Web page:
By Jeffrey B. Remz, May 2004
"I just wanted to pull over and park for awhile," he says. "I was wondering if what I was doing musically was what they wanted. It might need to come back around to me. I think that's kind of what's happening now. I think what I was doing was falling out of favor. I wasn't going to do something that wasn't me naturally. I just kind of hung out."
But eventually Murphy apparently figured it was time to get back in the race.
"My desire was to be with a smaller indie type label because I felt to have the creative control that I wanted to be able to do what I wanted to artistically, I was going to have to be with one of the indies," he says.
"That seemed to be the wave of the future in Nashville. I had talked with Nick Hunter for several years about doing this and never did. I also wanted a song to go to radio because I felt I had hit songs still, and I felt I could get a song on the radio. They were still playing 'Dust' 500 and 600 times a week. Same with 'Party Crowd.' I was still getting airplay. I wanted to have a single, and I wanted to have it come from a smaller label. The team of people that we have over there is really great. It's exciting and it's fun. Everybody is focused. We're having a ball."
In recording "Tryin' to Get There," Murphy says he wanted to make a record that would stand the test of time.
"Every time I make a record, I make a record that (I hope) people are going to be listening to 10 years later, (that) they are going to say this sounds as good now as it did 10 years ago. I always want to make music that stands the test of the time. I have heroes like Waylon and Willie, and I still listen to those records, and they still sound great to me. Those are the records that I still want to listen to. It's not the sound, the recording. It's the vibe. It's the mood it puts you into. I want to make records that put you into a certain type of mood and make you feel good and make you want to party and forget about the stuff in your life that you might want to forget about temporarily."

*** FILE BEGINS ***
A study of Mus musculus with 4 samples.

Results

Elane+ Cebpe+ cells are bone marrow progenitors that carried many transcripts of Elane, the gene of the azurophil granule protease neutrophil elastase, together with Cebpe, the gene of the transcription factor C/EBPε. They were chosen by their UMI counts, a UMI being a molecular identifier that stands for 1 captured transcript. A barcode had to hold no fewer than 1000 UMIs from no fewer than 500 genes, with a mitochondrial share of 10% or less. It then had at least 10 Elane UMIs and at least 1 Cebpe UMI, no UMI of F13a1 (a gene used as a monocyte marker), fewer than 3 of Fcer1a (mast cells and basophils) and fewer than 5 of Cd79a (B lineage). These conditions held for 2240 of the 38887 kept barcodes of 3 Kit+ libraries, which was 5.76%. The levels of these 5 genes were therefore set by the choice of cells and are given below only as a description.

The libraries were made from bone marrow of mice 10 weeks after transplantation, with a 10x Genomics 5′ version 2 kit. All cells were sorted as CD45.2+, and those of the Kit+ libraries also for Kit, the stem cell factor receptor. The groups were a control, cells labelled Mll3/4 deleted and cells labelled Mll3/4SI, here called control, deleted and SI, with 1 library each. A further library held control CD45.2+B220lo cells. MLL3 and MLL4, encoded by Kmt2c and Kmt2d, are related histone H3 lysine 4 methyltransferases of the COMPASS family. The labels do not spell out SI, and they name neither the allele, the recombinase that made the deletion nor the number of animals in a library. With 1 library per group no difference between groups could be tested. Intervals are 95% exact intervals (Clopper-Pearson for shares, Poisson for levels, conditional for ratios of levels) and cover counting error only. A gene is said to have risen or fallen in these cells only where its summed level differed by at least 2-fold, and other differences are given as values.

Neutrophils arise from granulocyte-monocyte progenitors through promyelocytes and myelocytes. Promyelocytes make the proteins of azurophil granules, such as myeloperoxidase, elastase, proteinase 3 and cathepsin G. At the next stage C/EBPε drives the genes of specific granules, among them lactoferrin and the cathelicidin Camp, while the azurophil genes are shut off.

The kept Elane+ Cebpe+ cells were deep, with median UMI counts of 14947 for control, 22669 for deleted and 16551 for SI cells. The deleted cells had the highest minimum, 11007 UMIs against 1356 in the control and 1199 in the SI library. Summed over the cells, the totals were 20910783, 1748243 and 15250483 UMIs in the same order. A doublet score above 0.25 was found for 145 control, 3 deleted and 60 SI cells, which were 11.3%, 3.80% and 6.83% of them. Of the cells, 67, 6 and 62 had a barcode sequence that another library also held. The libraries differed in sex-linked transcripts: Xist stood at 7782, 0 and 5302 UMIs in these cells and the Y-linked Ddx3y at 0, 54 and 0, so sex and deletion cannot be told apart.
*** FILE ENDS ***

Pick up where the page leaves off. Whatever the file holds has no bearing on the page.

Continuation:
Murphy says he used the same approach for his MCA albums. "But fortunately when I made my records at MCA, I had a really long rope to do whatever I wanted to do. I had a lot of liberty, and I always have fortunately, to be able to pick whatever songs I wanted to record and record them how I wanted to record them."
And the Waylon vibe remains quite obvious here thanks to the inclusion of one of the last songs that Waylon wrote, the title track.
Murphy says he met Jennings for the first time at an awards show, maybe the TNN Music City Awards about eight years ago. "I was backstage and was standing there with my wife and Waylon walked up and looked at me and looked at my wife and looked at me and said, 'You definitely got the better end of this deal. We burst up laughing."
The two met again at a Nashville radio station. "I was a huge Waylon fan," Murphy says. "I was asking him about his earlier records and guitar parts and production things. I know all those Waylon records backwards and forwards. I was asking him about different things in the records and songs just from the point of someone who loved his songs because I grew up on them. We hit it off."
"We decided to get write together after a couple of weeks. We wrote together off and on for a couple of years."
The title track was written about five years ago.
"I started writing at my house which is outside of Nashville. I went over and got the idea. He said, "hoss I really like that. We ended up finishing that song at his house."
"We actually wrote four songs together and recorded all four songs...He was going to sing 'Tryin'.' We cut that in his key, but he had sung the other two songs. It was getting late in the day, and Waylon was not really feeling good that day. He took off, and said, 'you might (be) singing that other song.'...I sang the song. I had done a scratch vocal on it...I ended up singing the final vocal on 'Trying''. He was like, 'man, I really like the way you're singing that'."
"The other two sound like vintage Waylon. Something's going to happen with them," says Murphy, indicating that his widow, Jessi Colter, will release the music.
One of the most interesting songs on the new disc story-wise is "Ghost in the Jukebox." A reporter comes to a bar to investigate reports of a mysterious jukebox. "In reality all the regulars are protecting this jukebox," says Murphy. "What they do is sit down and have a cold beer and close the door and play their hillbilly favorites. I just like the whole story. And it feels really good too."
Murphy seems to be also, based on how life has been with the new album and single.
"We're having fun and just excited and happy and loco."